Having danced with New York City Ballet, Béjart Ballet and the Alonzo King LINES Ballet, Aesha Ash undoubtedly inspired more than a few future ballerinas during her 13-year professional career. But now that she's retired, she's found a way to reach even more young girls, particularly those who live in inner-city neighborhoods, after founding The Swan Dreams Project.
Creating the project in 2011, Ash recently told SELF that she originally intended to rent public ad spaces to showcase images of herself in her tutus in her hometown of Rochester, New York. While the cost of taking out ads around the city forced Ash to share her pictures in a different way, the reasoning behind her efforts has remained the same ever since.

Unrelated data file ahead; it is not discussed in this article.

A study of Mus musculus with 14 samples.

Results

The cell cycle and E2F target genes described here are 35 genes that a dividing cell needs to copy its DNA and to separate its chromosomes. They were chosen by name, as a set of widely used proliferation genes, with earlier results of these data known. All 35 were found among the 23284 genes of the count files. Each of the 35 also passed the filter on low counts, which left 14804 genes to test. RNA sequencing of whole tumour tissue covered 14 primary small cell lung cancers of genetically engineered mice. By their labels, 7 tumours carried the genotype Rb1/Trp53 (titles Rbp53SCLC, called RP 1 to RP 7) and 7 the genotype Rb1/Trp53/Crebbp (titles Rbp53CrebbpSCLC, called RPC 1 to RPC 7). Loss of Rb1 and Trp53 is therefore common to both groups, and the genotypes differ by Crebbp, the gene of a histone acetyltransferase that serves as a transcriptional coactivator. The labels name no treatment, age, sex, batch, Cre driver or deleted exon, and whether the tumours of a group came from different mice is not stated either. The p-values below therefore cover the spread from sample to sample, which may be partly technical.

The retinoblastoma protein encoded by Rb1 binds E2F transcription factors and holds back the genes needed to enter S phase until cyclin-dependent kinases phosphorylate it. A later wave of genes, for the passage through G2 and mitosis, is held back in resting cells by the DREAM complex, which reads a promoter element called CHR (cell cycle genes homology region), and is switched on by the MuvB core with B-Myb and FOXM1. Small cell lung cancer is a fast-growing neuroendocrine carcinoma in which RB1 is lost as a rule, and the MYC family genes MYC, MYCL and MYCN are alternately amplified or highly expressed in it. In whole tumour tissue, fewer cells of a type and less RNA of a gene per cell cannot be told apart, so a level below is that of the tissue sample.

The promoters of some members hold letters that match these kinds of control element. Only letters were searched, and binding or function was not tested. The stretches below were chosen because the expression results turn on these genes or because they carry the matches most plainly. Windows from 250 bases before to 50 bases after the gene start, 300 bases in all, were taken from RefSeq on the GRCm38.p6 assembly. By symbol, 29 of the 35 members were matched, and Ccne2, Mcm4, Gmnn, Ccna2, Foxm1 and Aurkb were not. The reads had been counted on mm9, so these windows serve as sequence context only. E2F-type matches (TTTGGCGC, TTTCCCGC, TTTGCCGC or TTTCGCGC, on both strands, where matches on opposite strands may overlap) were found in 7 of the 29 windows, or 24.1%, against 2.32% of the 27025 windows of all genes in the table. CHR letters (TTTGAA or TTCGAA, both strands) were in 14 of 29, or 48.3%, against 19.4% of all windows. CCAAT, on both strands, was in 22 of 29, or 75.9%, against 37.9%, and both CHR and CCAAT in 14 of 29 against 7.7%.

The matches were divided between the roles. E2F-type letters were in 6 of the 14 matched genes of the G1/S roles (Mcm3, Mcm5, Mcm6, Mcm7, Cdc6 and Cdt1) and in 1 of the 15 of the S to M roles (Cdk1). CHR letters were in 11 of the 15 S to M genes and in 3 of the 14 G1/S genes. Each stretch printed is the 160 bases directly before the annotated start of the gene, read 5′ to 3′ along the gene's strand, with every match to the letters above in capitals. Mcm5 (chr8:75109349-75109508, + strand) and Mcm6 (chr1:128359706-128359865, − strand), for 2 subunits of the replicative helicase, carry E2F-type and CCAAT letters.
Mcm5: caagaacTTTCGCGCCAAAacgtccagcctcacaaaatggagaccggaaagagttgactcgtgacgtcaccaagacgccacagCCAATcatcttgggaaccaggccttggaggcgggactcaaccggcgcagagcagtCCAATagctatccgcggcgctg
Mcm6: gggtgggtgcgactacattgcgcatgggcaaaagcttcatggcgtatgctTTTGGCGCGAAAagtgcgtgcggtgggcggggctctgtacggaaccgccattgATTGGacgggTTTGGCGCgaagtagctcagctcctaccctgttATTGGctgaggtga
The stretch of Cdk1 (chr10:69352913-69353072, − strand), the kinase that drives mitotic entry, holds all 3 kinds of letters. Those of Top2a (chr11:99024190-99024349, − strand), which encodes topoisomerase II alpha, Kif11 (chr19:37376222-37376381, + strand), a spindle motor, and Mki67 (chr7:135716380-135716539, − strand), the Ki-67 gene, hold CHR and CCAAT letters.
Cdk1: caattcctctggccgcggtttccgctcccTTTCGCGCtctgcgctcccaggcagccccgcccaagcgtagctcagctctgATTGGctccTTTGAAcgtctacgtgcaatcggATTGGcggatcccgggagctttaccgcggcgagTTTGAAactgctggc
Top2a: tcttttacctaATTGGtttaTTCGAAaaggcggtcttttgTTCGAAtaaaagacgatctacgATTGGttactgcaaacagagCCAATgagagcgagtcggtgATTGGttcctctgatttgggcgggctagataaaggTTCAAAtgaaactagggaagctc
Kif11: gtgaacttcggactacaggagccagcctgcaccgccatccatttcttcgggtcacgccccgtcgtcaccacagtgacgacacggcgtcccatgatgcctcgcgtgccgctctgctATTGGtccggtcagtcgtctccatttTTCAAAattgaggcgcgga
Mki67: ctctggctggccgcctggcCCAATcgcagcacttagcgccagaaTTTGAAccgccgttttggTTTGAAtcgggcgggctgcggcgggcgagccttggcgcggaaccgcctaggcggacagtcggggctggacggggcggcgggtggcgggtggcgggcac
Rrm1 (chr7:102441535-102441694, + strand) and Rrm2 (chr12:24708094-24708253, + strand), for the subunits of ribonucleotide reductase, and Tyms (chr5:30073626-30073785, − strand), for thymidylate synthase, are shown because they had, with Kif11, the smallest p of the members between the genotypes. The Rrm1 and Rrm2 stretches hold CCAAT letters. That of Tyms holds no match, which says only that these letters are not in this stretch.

"I remember growing up and in the bodega you'd see images of girls in bikinis on motorbikes," Ash told Dance Magazine. "I wanted to replace those with photos that show women of color in a different light." Through a mix of black and white and color photos, Ash has used free social media platforms like Facebook and Instagram to do just that.
"I want to help change the demoralized, objectified and caricatured images of African-American women by showing the world that beauty is not reserved for any particular race or socio-economic background," Ash writes on her site.
To help further spread her message of inclusivity, Ash has taught free dance classes to the children at her daughter's public school, as well as for Girls Inc., a nonprofit group that serves to mentor girls ages 6 to 18. Additionally, all donations to The Swan Dreams Project and funds raised through the sale of Ash's pictures and t-shirts are donated to dance schools and organizations working to diversify the ballet world.